Chinese firewall and IPS vendor Hangzhou DPTech Technologies, according to Microsoft, was the culprit behind a rapid-fire turnaround of a working exploit for the Windows Remote Desktop (RDP) flaw in mid-March, just after the bug was patched by Microsoft. Microsoft said that Patch Tuesday had warned of possible attacks emerging quickly for the "critical" vulnerability because an attacker would be able to reverse-engineer its new patch for the RDP bug in relatively short order. That raised the potential for exploits to be written for a targeted attack or for automatic-propagation worms that would let attacks quickly take over systems within corporate networks for botnets. RDP is a tool used by IT departments to handle help-desk issues and by administrators to managed virtualized machines.
But just two days after Microsoft released the patch, there were reports that a working exploit for MS12-020 had been seen in China, indicating something was awry and that there could have been a leak from within MAPP. There was even a bounty of $1,500 circulating for the first person to build a Metasploit module for the bug.
Speculation of who leaked the vulnerability and proof-of-concept information on the RDP bug ranged from Italian researcher Luigi Auriemma, who originally discovered the flaw in 2011, to HP's Zero Day Initiative (ZDI), which purchased the bug from Auriemma in August 2011. Auriemma denied any involvement, and Aaron Portnoy, manager of security research at HP's ZDI, said in March that ZDI was "100% confident that the leaked information regarding MS12-020 did not come from the Zero Day Initiative."
[Microsoft Active Protections Program to include vulnerability information sharing from Adobe. See Microsoft, Adobe Collaborate To Protect Against Online Threats.]
Microsoft today was mum on how it ultimately rooted out DPTech as the source of the leak, or on just what Hangzhou DPTech Technologies did. "During our investigation into the disclosure of confidential data shared with our Microsoft Active Protections Program (MAPP) partners, we determined that a member of the MAPP program, Hangzhou DPTech Technologies Co., Ltd., had breached our non-disclosure agreement (NDA). Microsoft takes breaches of our NDAs very seriously and has removed this partner from the MAPP Program," said Yunsun Wee, director or Microsoft Trustworthy Computing, in a statement.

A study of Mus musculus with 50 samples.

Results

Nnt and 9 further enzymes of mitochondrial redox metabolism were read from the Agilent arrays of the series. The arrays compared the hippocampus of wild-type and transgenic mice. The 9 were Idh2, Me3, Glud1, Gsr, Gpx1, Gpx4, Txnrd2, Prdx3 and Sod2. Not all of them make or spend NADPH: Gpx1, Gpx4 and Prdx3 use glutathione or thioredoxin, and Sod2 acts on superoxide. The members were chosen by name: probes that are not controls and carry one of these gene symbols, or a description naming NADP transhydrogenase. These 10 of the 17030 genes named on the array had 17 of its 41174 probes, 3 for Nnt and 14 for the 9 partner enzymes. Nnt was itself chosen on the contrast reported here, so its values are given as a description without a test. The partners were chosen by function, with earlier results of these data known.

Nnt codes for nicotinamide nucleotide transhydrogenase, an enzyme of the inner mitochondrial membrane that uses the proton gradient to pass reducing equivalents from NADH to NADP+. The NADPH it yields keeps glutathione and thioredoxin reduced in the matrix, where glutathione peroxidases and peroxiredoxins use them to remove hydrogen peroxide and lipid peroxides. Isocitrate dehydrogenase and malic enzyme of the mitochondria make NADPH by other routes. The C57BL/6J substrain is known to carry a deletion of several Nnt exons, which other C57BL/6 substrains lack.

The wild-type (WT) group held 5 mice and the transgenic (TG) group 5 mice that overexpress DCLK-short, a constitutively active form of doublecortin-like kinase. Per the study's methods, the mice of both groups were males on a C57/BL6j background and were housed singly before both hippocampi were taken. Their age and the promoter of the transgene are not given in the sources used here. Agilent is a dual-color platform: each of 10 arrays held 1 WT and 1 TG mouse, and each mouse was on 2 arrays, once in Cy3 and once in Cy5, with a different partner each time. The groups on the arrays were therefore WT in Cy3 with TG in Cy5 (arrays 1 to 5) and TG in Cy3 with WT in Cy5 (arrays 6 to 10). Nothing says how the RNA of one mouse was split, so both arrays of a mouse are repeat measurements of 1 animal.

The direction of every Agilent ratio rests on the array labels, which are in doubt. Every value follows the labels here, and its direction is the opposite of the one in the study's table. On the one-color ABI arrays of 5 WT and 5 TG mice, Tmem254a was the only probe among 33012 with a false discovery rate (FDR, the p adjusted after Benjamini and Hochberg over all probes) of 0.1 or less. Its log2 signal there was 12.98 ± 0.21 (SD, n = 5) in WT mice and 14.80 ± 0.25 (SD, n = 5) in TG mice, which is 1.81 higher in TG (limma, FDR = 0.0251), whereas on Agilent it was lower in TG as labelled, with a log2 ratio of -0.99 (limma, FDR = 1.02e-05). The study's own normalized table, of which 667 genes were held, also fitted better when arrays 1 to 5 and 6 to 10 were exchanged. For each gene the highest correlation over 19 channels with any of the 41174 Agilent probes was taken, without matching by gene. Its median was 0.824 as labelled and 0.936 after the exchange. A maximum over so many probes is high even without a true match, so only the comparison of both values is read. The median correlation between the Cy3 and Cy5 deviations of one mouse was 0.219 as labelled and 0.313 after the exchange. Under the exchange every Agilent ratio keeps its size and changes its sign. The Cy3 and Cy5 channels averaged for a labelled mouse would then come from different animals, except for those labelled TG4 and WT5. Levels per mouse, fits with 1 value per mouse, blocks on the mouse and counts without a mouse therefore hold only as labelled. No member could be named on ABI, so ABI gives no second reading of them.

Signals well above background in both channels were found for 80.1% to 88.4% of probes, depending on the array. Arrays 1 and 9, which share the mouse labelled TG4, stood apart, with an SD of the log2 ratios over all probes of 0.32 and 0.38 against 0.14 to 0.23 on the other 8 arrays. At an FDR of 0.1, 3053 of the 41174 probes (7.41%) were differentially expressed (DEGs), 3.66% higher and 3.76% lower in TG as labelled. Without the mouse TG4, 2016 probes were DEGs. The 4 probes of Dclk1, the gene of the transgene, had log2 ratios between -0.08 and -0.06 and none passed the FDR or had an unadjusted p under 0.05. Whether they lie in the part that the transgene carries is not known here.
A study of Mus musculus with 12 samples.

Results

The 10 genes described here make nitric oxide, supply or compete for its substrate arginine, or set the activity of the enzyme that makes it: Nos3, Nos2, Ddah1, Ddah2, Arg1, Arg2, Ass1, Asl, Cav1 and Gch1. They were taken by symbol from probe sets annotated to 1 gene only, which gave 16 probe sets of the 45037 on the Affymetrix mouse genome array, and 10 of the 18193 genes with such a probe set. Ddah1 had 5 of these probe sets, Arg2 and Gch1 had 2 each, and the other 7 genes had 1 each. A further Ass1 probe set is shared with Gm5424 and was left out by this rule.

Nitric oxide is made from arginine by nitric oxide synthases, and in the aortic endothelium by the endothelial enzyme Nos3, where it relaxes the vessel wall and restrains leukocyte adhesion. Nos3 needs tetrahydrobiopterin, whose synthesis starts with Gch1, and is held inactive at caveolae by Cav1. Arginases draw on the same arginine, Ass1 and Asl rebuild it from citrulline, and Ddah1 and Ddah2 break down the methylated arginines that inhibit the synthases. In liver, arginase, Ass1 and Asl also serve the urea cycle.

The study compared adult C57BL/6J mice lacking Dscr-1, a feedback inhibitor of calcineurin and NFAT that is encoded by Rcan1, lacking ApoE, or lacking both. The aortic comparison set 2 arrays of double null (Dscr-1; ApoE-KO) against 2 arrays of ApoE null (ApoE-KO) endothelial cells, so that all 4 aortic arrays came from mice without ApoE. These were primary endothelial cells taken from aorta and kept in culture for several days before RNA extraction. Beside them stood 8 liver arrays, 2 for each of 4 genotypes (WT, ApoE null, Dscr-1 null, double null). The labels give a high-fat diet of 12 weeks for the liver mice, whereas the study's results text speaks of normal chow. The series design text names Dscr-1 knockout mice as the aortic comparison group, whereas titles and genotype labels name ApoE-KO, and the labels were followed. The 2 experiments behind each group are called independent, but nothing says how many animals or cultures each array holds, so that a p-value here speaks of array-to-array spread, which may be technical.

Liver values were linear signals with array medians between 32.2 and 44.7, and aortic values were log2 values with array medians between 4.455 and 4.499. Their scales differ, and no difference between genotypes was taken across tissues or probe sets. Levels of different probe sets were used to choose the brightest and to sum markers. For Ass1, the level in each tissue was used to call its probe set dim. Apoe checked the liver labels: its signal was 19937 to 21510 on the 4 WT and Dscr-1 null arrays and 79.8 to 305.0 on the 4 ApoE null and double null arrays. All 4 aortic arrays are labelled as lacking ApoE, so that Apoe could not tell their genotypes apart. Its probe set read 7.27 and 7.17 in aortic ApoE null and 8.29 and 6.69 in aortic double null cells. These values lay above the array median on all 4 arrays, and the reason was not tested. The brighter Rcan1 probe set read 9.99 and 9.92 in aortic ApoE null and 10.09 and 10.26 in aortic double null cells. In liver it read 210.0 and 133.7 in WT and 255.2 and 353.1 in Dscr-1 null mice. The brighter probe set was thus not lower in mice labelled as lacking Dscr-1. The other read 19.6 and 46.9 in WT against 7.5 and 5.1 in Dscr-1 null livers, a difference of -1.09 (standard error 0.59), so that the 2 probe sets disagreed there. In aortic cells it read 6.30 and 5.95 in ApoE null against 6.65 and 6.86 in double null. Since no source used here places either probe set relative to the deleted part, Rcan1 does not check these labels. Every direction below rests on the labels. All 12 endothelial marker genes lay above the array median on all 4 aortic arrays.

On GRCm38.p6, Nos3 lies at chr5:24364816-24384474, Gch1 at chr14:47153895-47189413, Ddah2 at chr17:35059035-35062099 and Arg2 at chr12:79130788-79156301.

HD Moore, chief security officer at Rapid7 and creator of Metasploit, says it couldn't have been simple to trace the leak to a specific company. "[It's] interesting and somewhat surprising that they found it at all," Moore says.
Meanwhile, the announcement by Microsoft appears to raise more questions than answers. Concerns about a Chinese security vendor leaking Windows vulnerability details before the patch window had closed, and whether this was truly the first breach of the MAPP program, sent a chill through the industry.
"Yes, it is a little concerning that it was a Chinese firm that leaked the Microsoft information. That being said, what did Microsoft really expect was going to happen? The Chinese do not have a very good track record of adhering to NDA and other agreements," says Paul Henry, security and forensic analyst at Lumension. "It is important to recognize that the MAPP program is relatively new, so there will be bumps in the road as Microsoft works out the delicate balance between strategic sharing and safeguarding the distribution of sensitive information regarding its products."
Microsoft's Wee said that as of this month's Patch Tuesday release, Microsoft has beefed up its current controls around protecting MAPP information. "We believe that these enhancements will better protect our information, while furthering customer protection by aiding partners developing active protections," he said. Microsoft declined to provide any details beyond Wee's statements.